A roof coating is usually a fluid applied to roofing material. You’ve undoubtedly seen this type of roof coating before, as it’s still the most popular and inexpensive option available.
Most roof coatings have elastic properties that allow them to stretch and bend with changing weather conditions. The problem with liquid roof coating is that the "paint” will start to crack and peel after a few years, and need to be reapplied.
What is Elastomeric Roof Coating?
Elastomeric roof coating, on the other hand, is a tough, highly flexible, rubberized roof coating that resists cracking and peeling. It’s also a better barrier against heat and UV rays. It helps keep roof surfaces cool, and in turn lowers the temperature of a building. When cured, it even forms a semipermeable membrane that prevents liquid penetration but encourages ventilation of water vapor.
In other words, although this type of coating is more expensive than typical roof coating, it begins to pay for itself after a few years due to the savings on cooling costs and the elimination of roof coating reapplication costs.
Elastomeric roof coating bonds well to cement tile, fiberglass sheeting, bonded gravel roofs, built up roofs, mobile home roofs, metal roofs, RV roofs, and older, aged roofs coated with materials like asphalt, aluminum or tar. Clean surfaces do not require primer, although old and pitted surfaces do.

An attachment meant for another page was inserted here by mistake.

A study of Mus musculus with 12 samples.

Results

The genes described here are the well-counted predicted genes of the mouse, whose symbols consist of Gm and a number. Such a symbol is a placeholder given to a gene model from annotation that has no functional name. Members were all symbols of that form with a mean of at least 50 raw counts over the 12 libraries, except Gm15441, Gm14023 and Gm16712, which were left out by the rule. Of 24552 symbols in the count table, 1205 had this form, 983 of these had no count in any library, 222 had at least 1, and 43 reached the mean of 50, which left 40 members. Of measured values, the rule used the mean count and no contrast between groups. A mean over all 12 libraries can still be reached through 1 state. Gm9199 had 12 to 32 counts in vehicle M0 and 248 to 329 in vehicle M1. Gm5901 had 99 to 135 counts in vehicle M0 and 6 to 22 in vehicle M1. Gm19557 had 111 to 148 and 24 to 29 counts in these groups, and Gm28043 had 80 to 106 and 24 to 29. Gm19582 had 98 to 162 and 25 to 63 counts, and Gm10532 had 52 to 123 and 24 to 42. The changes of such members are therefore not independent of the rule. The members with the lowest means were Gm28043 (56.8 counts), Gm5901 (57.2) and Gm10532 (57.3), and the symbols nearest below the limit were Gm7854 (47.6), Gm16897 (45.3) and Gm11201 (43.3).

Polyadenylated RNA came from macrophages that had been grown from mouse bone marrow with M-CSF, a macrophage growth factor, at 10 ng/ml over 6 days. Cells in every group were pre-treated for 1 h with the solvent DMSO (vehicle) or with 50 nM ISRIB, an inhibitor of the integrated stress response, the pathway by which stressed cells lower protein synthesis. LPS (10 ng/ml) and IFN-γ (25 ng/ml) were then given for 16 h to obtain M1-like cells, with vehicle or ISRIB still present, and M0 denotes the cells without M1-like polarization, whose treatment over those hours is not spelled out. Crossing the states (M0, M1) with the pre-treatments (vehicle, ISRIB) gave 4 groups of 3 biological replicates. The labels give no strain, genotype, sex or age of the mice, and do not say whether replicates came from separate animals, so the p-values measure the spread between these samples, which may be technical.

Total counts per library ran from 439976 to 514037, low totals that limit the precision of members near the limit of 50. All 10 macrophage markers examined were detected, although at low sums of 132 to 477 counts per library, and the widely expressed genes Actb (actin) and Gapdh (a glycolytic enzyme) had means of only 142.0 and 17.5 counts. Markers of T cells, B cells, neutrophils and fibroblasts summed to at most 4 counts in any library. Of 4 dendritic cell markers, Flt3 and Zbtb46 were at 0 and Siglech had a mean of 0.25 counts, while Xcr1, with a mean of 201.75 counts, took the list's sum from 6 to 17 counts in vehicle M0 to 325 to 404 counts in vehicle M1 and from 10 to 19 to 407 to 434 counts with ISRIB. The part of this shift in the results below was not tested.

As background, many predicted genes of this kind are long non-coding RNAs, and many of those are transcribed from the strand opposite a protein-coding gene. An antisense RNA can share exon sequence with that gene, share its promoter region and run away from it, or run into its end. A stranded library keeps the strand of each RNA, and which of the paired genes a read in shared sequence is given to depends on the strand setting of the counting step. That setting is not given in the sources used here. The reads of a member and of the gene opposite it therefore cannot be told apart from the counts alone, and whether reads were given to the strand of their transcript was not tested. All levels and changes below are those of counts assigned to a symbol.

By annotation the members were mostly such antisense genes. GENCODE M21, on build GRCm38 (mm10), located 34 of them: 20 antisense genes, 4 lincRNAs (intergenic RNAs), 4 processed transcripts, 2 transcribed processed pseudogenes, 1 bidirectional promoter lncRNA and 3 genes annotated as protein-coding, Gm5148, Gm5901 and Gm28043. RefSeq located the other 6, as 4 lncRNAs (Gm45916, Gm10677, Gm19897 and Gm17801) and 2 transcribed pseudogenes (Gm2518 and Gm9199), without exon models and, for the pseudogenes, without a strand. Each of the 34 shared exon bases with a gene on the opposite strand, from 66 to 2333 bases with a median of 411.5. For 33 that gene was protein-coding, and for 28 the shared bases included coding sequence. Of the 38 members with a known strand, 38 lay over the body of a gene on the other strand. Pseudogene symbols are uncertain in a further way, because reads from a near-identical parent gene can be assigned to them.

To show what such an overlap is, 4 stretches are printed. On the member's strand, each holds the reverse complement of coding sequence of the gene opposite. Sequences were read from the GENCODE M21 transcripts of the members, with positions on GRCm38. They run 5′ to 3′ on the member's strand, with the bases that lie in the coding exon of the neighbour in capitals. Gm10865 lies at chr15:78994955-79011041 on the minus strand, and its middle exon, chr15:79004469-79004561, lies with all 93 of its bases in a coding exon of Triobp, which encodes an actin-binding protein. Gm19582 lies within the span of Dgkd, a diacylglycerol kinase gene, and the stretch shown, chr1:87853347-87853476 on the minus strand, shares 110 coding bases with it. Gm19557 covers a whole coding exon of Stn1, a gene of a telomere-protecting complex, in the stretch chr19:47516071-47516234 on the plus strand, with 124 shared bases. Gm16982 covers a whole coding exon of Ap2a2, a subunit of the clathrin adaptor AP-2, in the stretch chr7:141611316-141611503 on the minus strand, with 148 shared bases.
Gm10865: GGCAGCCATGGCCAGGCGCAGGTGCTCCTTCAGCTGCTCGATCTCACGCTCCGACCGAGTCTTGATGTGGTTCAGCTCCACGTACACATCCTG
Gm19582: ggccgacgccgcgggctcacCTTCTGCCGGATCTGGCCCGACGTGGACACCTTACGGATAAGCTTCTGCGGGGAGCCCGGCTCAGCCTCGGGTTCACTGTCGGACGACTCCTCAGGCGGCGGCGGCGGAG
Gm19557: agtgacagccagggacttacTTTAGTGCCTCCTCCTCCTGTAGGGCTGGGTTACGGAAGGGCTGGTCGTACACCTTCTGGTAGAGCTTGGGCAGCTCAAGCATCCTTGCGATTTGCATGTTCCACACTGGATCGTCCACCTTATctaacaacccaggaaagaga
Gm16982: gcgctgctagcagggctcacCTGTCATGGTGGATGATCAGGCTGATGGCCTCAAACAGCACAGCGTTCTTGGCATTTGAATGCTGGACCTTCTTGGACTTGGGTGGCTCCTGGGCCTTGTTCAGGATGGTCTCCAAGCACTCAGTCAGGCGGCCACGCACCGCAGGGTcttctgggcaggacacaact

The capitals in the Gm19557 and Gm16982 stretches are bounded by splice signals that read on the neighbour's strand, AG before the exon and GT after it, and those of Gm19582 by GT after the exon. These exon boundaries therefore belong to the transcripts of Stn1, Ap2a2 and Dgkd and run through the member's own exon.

Each gallon can bond to approximately 800 square feet of roofing. For uneven mineral surfaces, 2 to 3 gallons may be needed depending on porosity. Apply the second coat at right angles to the first coat.
Whatever you do, do not thin the coating. It bonds best at 50 degrees Fahrenheit and above. While still liquid, it can be easily removed with soap and water. It dries within two hours, and paint remover is needed to remove dry coats. Leftover coating should be stored in a well-ventilated location at room temperature.
What’s it made of?
Elastomeric roof coating is typically comprised of acrylic polymers, resins, fillers and titanium dioxide pigments (for whiteness and sheen). Most elastomeric coatings also include some type of dirt-resistant formulation that prevents dust and dirt from adhering to the coating (which can be a big problem with liquid coatings).
Any safety concerns?
Elastomeric roof coating is relatively safe to use. It doesn’t contain any VOCs and is non-flammable, too.
But, as with any roof coating, certain safety precautions should still be taken during application. Breathing in these fumes should be avoided at all times (VOCs or no VOCs). If the coating comes into contact with your eyes, you should rinse out your eyes and contact a Poison Control Center immediately.
Contact with the skin may cause irritation, but is not as serious, and can be cleaned with soap and water.